Content
Cellular Metabolism
Energy and the Laws of Thermodynamics
The Role of Enzymes
  - Enzymes and Activation Energy
  - Nature of Enzymes 
  - Action of Enzymes 
  - Specificity of Enzymes
  - Enzyme-Catalyzed Reactions
Chemical Energy Transfer by ATP
Cellular Respiration
  - How Electron Transport Is Used to Trap Chemical Bond Energy 
  - Aerobic Versus Anaerobic Metabolism
  - Overview of Respiration
  - Glycolysis
  - Acetyl Coenzyme A: Strategic Intermediate in Respiration 
  - Krebs Cycle: Oxidation of Acetyl Coenzyme A
  - Electron Transport Chain
  - Efficiency of Oxidative Phosphorylation
  - Anaerobic Glycolysis: Generating ATP without Oxygen
Metabolism of Lipids 
Metabolism of Proteins 
Management of Metabolism 
References 
 
     



The Role of Enzymes
Enzymes and Activation Energy
For any reaction to occur, even exergonic ones that tend to proceed spontaneously, chemical bonds first must be destabilized. For example, if a reaction involves splitting a covalent bond, the atoms forming the bond must first be stretched apart to make them less stable. Some energy, termed the activation energy, must be supplied before the bond will be stressed enough to break. Only then will an overall loss of free energy and formation of reaction products occur. This requirement can be likened to the energy needed to push a cart over the crest of a hill before it will roll spontaneously down the other side, the cart liberating its potential energy as it descends.


Energy changes during enzyme catalysis of a substrate. The overall reaction proceeds with a net release of energy (exergonic). In the absence of an enzyme, substrate is stable because of the large amount of activation energy needed to disrupt strong chemical bonds. The enzyme reduces the energy barrier by forming a chemical intermediate with a much lower internal energy state.
Figure 4-3 Energy changes during enzyme
catalysis of a substrate. The overall
reaction proceeds with a net release of
energy (exergonic). In the absence of an
enzyme, substrate is stable because of the
large amount of activation energy needed
to disrupt strong chemical bonds. The
enzyme reduces the energy barrier by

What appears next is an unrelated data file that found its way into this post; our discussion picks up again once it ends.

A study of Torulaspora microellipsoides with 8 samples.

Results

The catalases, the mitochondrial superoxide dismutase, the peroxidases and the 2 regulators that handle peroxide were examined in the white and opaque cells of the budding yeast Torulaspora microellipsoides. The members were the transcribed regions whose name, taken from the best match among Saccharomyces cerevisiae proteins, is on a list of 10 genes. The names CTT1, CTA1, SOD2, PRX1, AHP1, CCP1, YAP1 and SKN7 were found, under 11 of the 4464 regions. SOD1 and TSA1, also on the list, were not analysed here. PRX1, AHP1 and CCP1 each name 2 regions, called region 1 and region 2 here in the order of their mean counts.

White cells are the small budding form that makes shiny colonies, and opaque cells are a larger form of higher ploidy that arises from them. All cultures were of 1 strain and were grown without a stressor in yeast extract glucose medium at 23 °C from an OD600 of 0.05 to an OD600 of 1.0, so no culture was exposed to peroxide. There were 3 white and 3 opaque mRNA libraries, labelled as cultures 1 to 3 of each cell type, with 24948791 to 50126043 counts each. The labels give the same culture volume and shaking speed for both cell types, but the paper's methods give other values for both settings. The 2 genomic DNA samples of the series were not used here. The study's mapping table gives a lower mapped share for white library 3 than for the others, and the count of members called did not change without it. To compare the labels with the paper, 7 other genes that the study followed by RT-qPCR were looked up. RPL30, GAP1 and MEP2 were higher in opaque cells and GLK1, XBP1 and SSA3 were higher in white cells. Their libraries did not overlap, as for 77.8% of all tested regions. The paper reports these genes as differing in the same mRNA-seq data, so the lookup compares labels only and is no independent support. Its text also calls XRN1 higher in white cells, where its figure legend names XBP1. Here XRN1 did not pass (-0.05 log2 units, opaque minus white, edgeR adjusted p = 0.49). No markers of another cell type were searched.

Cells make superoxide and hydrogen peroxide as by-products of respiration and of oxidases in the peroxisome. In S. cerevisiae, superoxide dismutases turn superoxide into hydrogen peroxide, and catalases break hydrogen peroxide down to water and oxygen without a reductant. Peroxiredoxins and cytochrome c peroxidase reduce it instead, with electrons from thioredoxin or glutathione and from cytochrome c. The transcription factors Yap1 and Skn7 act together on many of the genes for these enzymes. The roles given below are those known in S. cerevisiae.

forming a chemical intermediate with a
much lower internal energy state.
One way to activate chemical reactants is to raise the temperature. By increasing the rate of molecular collisions and pushing chemical bonds apart, heat can impart the necessary activation energy to make a reaction proceed. However metabolic reactions must occur at biologically tolerable temperatures, temperatures too low to allow reactions to proceed beyond imperceptible rates. Instead, living systems have evolved a different strategy: they employ catalysts.

Catalysts are chemical substances that accelerate reaction rates without affecting the products of the reaction and without being altered or destroyed as a result of the reaction. A catalyst cannot make an energetically impossible reaction happen; it simply accelerates a reaction that would have proceeded at a very slow rate otherwise.

Enzymes are catalysts of the living world. The special catalytic talent of an enzyme is its power to reduce the amount of activation energy required for a reaction. In effect, an enzyme steers the reaction through one or more intermediate steps, each of which requires much less activation energy than that required for a singlestep reaction (Figure 4-3). Note that enzymes do not supply the activation energy. Instead they lower the activation energy barrier, making a reaction more likely to proceed. Enzymes affect only the reaction rate. They do not in any way alter the free energy change of a reaction, nor do they change the proportions of reactants and products in a reaction.